Mission drift is common in not-for-profit organizations, particularly if they’ve been active for a long time. Your local community probably has grown, the issues surrounding your mission may have evolved and new nonprofits may be addressing some of the same problems. In such circumstances, it makes sense to shift your focus and use your funds where they’ll do the most good. But don’t drift too far without formalizing the changes. You’ll need to notify your stakeholders, as well as the IRS, about a significant mission shift.

Taking a long, hard look

Sometimes organizations have no choice but to shift their mission. For example, perhaps you’ve championed a cause that has been successfully resolved. Or maybe the population you’ve served is no longer present in your community.

Other times, the decision isn’t as clear-cut. Your board should look at where you’ve been and where you’re heading. Members should ask whether the services you currently provide are still needed and, if your mission has drifted, whether it’s now focusing on what you consider the most critical issues. Your board may decide to expand, contract or modify your nonprofit’s existing mission.

Drawing up a new statement

It’s generally easy for 501(c)(3) organizations to change their mission statements without major disruption. You just need to make sure your new mission qualifies as tax-exempt.

Your board should develop a new mission statement following procedures similar to the ones used at inception. The statement should be descriptive, but not so detailed that it limits your nonprofit and its growth. Once the board approves the new mission statement, your bylaws and Articles of Incorporation should be amended according to your existing bylaws. Unless otherwise stated, bylaws may be amended by a vote of at least a two-thirds majority.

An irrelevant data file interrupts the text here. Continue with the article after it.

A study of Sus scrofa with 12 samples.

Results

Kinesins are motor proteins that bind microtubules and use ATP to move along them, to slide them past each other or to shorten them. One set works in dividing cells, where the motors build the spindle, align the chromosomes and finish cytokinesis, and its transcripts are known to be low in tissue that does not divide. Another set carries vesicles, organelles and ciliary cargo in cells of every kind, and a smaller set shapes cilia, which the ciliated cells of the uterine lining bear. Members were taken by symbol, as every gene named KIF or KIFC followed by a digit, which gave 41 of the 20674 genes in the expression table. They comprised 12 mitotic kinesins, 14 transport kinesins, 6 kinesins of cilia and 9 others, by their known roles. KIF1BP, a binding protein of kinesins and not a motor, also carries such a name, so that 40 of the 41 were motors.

Notifying supporters and the IRS

You can notify the IRS immediately about a change in your organization’s mission or bylaws, but there’s no legal requirement to do so. You can instead wait until you file your annual Form 990. At that point, the IRS will contact you if it has any questions.

On the other hand, don’t delay notifying donors and grant makers. In general, nonprofits must use donations for the purpose specified by donors. If you’ve accepted a large donation intended for a program that’s discontinued after you change your mission, contact the donor immediately. After you explain the change, this supporter may allow you to use the donation for another purpose consistent with your new mission. If not, you’ll need to return the funds.

To get the word out to stakeholders and your community, use your website, newsletter and social media accounts. Large nonprofits with wide regional or national appeals generally distribute formal press releases. Smaller nonprofits may want to contact local media outlets. Finally, review and, potentially, revise all public communications to ensure they reflect your new mission statement.

Avoiding old attitudes

You’re not done yet! You’ll need to monitor your programs and initiatives to ensure they’re consistent with your new mission. To that end, you may want to provide retraining for staffers to help ensure they all understand the current focus and are carrying out your mission with a fresh attitude. If you have questions about how changing your mission could affect your tax-exempt status, contact us.